The U.S. Supreme Court recently upheld a Virginia law that bans mining at an untapped uranium deposit on private land in Southern Virginia, which is believed to be the largest deposit in the United States and estimated to be worth somewhere around $6 billion.
The Virginia General Assembly has been wary of mining the uranium since the issue was raised in the early 1980s. Following the nuclear incident at Three Mile Island in Pennsylvania in 1979, the state passed a law in 1982 permitting uranium exploration but imposing a one-year ban on mining. It later extended the ban indefinitely in 1983.
The owners of the property and the company seeking to exploit the deposit, Virginia Uranium, filed a lawsuit with the backing of the Trump administration to overturn the ban. Virginia Uranium is a subsidiary of Vancouver, British Columbia-based Virginia Energy Resources. The group contested Virginia’s power to enact the ban, arguing that the policy should have been preempted by federal law governing nuclear energy.
The dispute focused on whether the federal Atomic Energy Act of 1954, which regulates the development of nuclear energy, preempts Virginia’s mining ban under the U.S. Constitution’s so-called Supremacy Clause. The Supremacy Clause holds that federal law generally supersedes or preempts state law where there is a conflict.
Virginia Uranium argued that the federal Atomic Energy Act should take precedence over state restrictions since it regulates what can be done with uranium and its radioactive waste after extraction from the earth. As stated in the decision, the oversight Atomic Energy Act and Nuclear Regulatory Commission begins when milling of the extracted uranium ore takes place.Differentiating the bounds of the mining process from that of the Department of Labor and Mine Safety and Health Administration, where extraction and milling or processing are considered part of the mining process.
The Court voted 6-3, holding that Virginia’s uranium-mining ban is in accord with the U.S. Atomic Energy Act and the Commonwealth has the power to regulate the industry on private land. However, the reasoning behind the Court’s decision differed greatly. The majority concluded that federal law does not preempt Virginia’s decades-old uranium mining ban on private lands. Specifically, the Court explained that Congress conspicuously chose to leave untouched the states’ historic authority over the regulation of mining activities on private lands within their borders.
“Every indication in the law before us suggests that Congress elected to leave mining regulation on private land to the states and grant the NRC regulatory authority only after uranium is removed from the Earth. . .”
Although the Atomic Energy Act grants the Nuclear Regulatory Commission “extensive and sometimes exclusive authority to regulate nearly every aspect of the nuclear fuel life cycle except mining,” it expressly states that the Nuclear Regulatory Commission’s regulatory powers arise only after uranium is mined.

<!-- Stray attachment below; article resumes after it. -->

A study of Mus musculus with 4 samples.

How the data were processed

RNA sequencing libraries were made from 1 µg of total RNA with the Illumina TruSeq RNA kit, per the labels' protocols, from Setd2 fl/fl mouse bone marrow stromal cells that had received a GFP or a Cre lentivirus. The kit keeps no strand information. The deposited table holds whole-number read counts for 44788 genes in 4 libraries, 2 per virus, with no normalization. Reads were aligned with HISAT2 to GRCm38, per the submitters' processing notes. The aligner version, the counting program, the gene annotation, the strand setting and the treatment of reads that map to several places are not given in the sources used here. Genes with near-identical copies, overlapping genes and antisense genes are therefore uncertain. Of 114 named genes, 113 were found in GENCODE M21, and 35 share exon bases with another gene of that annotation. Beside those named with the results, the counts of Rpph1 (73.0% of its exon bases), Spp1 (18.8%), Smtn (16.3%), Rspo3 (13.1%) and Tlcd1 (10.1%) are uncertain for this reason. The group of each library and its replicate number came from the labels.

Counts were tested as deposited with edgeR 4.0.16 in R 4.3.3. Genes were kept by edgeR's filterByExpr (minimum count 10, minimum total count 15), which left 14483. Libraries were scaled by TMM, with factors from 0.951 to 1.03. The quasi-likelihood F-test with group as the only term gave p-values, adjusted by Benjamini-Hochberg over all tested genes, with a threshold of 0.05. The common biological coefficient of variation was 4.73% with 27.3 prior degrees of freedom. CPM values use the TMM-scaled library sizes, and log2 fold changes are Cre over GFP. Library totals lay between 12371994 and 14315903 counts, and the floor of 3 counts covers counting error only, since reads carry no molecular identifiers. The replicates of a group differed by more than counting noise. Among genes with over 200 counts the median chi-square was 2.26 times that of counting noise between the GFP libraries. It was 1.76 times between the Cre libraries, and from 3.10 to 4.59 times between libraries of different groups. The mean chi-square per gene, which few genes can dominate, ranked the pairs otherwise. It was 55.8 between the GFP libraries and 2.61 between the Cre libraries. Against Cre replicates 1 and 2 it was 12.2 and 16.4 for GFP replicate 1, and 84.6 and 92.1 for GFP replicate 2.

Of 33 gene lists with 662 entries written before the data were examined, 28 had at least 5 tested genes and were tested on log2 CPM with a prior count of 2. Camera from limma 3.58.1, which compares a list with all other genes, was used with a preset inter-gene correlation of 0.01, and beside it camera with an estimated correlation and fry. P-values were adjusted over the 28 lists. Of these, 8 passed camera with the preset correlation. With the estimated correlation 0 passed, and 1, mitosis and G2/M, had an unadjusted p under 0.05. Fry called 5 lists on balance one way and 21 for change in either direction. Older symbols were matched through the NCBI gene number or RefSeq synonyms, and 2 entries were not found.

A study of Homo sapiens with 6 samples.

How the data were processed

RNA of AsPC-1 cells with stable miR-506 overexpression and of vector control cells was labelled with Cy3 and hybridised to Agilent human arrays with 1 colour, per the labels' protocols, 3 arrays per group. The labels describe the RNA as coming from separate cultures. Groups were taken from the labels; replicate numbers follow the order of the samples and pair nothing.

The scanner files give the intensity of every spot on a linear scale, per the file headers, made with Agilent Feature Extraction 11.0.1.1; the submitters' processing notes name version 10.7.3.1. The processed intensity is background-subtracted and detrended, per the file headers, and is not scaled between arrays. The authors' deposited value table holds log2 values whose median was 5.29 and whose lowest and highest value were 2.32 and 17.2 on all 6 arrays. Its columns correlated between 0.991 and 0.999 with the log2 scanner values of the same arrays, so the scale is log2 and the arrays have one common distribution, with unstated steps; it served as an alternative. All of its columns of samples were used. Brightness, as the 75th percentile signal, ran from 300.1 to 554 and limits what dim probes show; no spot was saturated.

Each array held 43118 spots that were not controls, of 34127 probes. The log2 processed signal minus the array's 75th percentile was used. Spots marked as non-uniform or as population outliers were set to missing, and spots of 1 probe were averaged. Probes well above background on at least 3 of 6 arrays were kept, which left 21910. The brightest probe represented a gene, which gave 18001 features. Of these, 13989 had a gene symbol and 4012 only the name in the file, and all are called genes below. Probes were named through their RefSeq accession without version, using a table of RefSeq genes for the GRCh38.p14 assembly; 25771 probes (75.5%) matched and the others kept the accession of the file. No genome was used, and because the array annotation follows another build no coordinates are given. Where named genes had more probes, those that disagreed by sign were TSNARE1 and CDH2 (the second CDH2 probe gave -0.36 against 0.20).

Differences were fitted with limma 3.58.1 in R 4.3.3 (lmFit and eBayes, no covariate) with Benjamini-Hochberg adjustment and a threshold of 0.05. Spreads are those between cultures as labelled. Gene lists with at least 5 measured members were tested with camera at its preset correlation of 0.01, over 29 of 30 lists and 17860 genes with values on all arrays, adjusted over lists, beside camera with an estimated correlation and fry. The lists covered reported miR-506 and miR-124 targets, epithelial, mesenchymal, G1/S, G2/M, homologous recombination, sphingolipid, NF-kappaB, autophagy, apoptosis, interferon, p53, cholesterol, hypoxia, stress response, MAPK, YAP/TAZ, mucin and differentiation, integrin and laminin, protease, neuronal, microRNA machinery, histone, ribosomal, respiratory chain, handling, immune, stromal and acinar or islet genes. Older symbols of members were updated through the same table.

The distinction between public (or federal land) and private lands is significant. If the land in question was to be public or federally owned, the Virginia mining ban would not prevent the extraction of the uranium ore. Consequently, if the federal government were to purchase the land, or acquire it through eminent domain, production and extraction could begin immediately. A crucial factor in the Court’s decision was that the land in question is private, and therefore it remains under the dominion of Virginia’s state legislature.
While Justice Gorsuch’s opinion explained that state legislative purpose has no place in preemption analyses, Justice Ginsburg’s opinion expressed discomfort at such a hardline stance and declined to disavow any inquiry into state legislative purpose. Chief Justice Roberts’ dissent, which was joined by Justices Alito and Breyer, would have used evidence of state legislative purpose to find that Virginia’s ban was preempted by the Atomic Energy Act.
Chief Justice Roberts criticized the majority opinion for evading the real issue –whether the state could regulate a non-preempted field (uranium mining safety) as a pretext for regulating in a field that is preempted (uranium milling and tailings safety), or in other words, that Virginia’s mining ban is in fact to prevent the milling process and the associated safety concerns. Per Chief Justine Robert’s analysis, the safety of milling process is regulated by the Atomic Energy Act and Nuclear Regulatory Commission, and if Virginia sought to prevent safety concerns during the milling process by prohibiting mining then the ban would be unenforceable and preempted by the federal regulations. Roberts opined that the state law is preempted when its purpose is a pretext for regulating within a preempted field.
These three divergent opinions are signs of future and important battles to come on the matter of legislative purpose, as the boundaries of state regulatory powers will continue to be stretched and ultimately tested. But in this instance, the result is that Virginia can ultimately maintain its uranium mining ban on private lands in the Commonwealth, and state regulation of areas not specifically reserved by federal statues continues.